69

FAILURE TO ACT

The Schwarze Kapelle

1938

This mistake was probably the greatest missed opportunity in the twentieth century. It occurred in August 1938 and involved the British prime minister, Neville Chamberlain. Those who have read any history of World War II have already heard about how appeasement instead of strength eventually led to the shooting part of World War II, when Hitler invaded Czechoslovakia later that year. What is less well-known is the tremendous opportunity Chamberlain had laid at his door and passed up. Though in making this blunder he had help from many others, including Winston Churchill.

It was in August 1938 that a well-respected noble and land-owner, Ewald von Kleist-Schmenzin, arrived in England. He represented a secret organization in Germany known as the Schwarze Kapelle, the Black Orchestra. This organization included a number of important and prominent German leaders, notably General Ludwig Beck, who had run the general staff since 1935 and supervised the resurgence of the German army. Beck had resigned because he feared, correctly, that Hitler was going to lead Germany into a disastrous war. This conspiracy also included Admiral Canaris, the head of the Abwehr and other powerful individuals. The purpose of the Schwarze Kapelle was to eliminate Hitler and restore democracy to Germany. There was every reason to think that the coup, for it was a coup, would work. Many of the German generals felt unready for war and were concerned about the highly aggressive stand Adolf Hitler was taking on almost every foreign question. The group also included important business leaders.

The plan was to capture Hitler, so as not to make him a martyr and start a civil war. Once they had him in custody they would put him on trial for crimes against the German people. There were several other important Nazi leaders to be imprisoned as well, including Hermann Goering, recently made a field marshal; Heinrich Himmler, the head of the SS; and Reinhard Heydrich, who controlled the SD, the security service of the SS. There was a strong expectation that the generals would rally behind their removal. All the conspirators needed was a strong sign of outside support. This would expose the error of Hitler’s opportunism. It would also show the undecided that Germany itself was being placed in an unnecessarily risky position by Hitler and that understanding would provide the impetus to guarantee the revolt’s success. All they needed was a strong stand by Britain and World War II would be averted. In Beck’s words, “If you can bring me positive proof that the British will make war if [Hitler] invades Czechoslovakia, I will put an end to the Nazi regime!”

Kleist-Schmenzin arrived and was hustled past customs by six MI6 agents. All that was needed was a public statement by the British government that if Hitler went through with his plans to occupy Czechoslovakia, they would declare war; then he could act. The plans for this invasion were complete, troops were being placed, and orders distributed to the German commanders. We now see that this visit was quite literally the last opportunity to stop the plunge of Europe into war. It must not have been that clear then.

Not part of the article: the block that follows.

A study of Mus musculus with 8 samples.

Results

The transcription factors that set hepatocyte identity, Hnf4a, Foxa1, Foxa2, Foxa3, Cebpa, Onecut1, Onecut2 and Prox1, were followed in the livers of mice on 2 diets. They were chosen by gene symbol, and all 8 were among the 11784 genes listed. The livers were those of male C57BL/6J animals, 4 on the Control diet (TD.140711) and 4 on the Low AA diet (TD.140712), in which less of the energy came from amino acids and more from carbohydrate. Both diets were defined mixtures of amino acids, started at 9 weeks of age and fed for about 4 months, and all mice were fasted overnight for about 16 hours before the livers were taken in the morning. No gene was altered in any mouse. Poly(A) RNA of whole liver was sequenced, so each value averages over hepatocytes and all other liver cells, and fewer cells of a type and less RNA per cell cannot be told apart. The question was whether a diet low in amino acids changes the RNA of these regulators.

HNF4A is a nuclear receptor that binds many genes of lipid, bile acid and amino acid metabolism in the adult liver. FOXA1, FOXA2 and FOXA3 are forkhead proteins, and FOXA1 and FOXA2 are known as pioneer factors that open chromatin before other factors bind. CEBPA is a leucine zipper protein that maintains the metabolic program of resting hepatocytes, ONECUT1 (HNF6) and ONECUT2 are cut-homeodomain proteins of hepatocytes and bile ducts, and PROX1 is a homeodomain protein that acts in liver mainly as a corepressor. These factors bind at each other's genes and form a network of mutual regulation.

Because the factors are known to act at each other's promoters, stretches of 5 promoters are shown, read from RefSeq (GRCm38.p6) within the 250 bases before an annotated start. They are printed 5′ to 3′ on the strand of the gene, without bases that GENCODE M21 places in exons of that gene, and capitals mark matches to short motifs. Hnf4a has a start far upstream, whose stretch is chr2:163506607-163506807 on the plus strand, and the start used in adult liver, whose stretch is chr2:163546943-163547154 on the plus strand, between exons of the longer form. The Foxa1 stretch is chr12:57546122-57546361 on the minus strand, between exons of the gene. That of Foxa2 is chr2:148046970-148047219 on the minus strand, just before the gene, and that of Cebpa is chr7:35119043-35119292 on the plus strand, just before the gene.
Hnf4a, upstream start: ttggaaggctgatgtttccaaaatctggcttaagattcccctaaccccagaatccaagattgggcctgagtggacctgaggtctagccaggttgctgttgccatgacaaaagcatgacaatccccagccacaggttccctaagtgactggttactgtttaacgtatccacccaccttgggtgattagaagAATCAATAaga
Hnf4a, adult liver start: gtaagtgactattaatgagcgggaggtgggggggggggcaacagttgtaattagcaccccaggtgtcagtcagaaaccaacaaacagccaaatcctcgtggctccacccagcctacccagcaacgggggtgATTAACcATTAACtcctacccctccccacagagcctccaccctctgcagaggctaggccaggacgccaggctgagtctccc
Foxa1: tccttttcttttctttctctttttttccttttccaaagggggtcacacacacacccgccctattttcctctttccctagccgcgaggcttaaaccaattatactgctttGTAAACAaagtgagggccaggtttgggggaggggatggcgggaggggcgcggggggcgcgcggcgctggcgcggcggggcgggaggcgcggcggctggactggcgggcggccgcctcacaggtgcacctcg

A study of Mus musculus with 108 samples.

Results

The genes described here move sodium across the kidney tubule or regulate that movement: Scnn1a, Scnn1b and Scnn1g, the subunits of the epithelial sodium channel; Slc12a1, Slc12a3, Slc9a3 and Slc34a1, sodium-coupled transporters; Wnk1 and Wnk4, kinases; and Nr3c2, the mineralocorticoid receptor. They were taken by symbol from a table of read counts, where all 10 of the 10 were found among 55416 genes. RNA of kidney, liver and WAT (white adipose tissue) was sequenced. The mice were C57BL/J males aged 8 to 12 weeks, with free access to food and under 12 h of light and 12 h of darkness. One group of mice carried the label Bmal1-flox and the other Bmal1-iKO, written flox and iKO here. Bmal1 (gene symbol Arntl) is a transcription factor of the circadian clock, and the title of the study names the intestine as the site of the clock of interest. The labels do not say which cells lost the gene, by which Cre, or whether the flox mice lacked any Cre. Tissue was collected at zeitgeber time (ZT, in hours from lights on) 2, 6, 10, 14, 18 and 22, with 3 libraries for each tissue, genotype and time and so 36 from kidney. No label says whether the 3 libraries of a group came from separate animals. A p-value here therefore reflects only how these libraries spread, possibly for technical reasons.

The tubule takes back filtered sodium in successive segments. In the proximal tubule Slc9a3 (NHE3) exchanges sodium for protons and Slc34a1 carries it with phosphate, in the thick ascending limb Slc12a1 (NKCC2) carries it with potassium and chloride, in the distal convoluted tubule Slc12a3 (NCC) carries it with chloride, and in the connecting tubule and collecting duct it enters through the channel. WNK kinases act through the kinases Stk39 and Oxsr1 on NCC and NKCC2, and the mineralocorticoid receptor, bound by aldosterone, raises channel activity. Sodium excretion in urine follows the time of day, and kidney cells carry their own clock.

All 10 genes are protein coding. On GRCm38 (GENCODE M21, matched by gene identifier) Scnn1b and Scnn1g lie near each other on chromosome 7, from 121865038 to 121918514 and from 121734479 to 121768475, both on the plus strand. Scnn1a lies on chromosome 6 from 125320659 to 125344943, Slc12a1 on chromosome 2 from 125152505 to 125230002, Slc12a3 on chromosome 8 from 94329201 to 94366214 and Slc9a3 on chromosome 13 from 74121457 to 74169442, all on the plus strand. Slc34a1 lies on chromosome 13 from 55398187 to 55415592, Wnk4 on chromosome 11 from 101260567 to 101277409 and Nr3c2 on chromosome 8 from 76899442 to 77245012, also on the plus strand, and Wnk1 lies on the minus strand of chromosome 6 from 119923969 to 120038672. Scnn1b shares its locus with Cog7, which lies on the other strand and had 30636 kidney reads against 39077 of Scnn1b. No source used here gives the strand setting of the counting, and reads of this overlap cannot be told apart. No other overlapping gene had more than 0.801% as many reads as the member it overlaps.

The first meeting Kleist-Schmenzin had was with a Lord Lloyd, an influential member of the ruling party. It is likely this was a sort of initial screening that the Schwarze Kapelle passed. A meeting occurred the next day between Kleist-Schmenzin and Robert Vansittart, an important adviser to the government on foreign affairs. Vansittart was more concerned about what would happen to things like Germany’s borders after the coup, rather than in assisting with the coup itself. But the next day, Kleist-Schmenzin met with the first lord of the navy, Winston Churchill. He again recounted the plans of the conspirators to a silent Churchill. The future wartime prime minister stayed noncommittal until the German was about to leave, and then he said only that he would be interested in working with them only after they brought down Hitler. This was the position that the Chamberlain government chose to take. They would do nothing until the coup was already a success.

In fact, quite the opposite occurred. A few weeks later, on September 13, Neville Chamberlain sent Hitler a note asking for a meeting. Hitler was enthused that he was being given the recognition from the British and that they had come to him. They met in Munich on September 30, and rather than confront Hitler, Chamberlain made every effort to appease him. They signed an agreement to guarantee “peace for our time,” which most certainly didn’t occur. What it did allow was the occupation of Czechoslovakia by the Nazis, with no resistance from Britain or France. The Schwarze Kapelle was helpless. With Hitler having been triumphant in a bloodless takeover and the Allies showing they had no stomach for challenging the Nazis, the conspiracy was unable to act.

A few harsh words about the invasion of Czechoslovakia, and there might not have been a World War II and nearly a hundred million lives would have been saved. Rather than supporting the Schwarze Kapelle, the British government chose appeasement. The world was never the same again.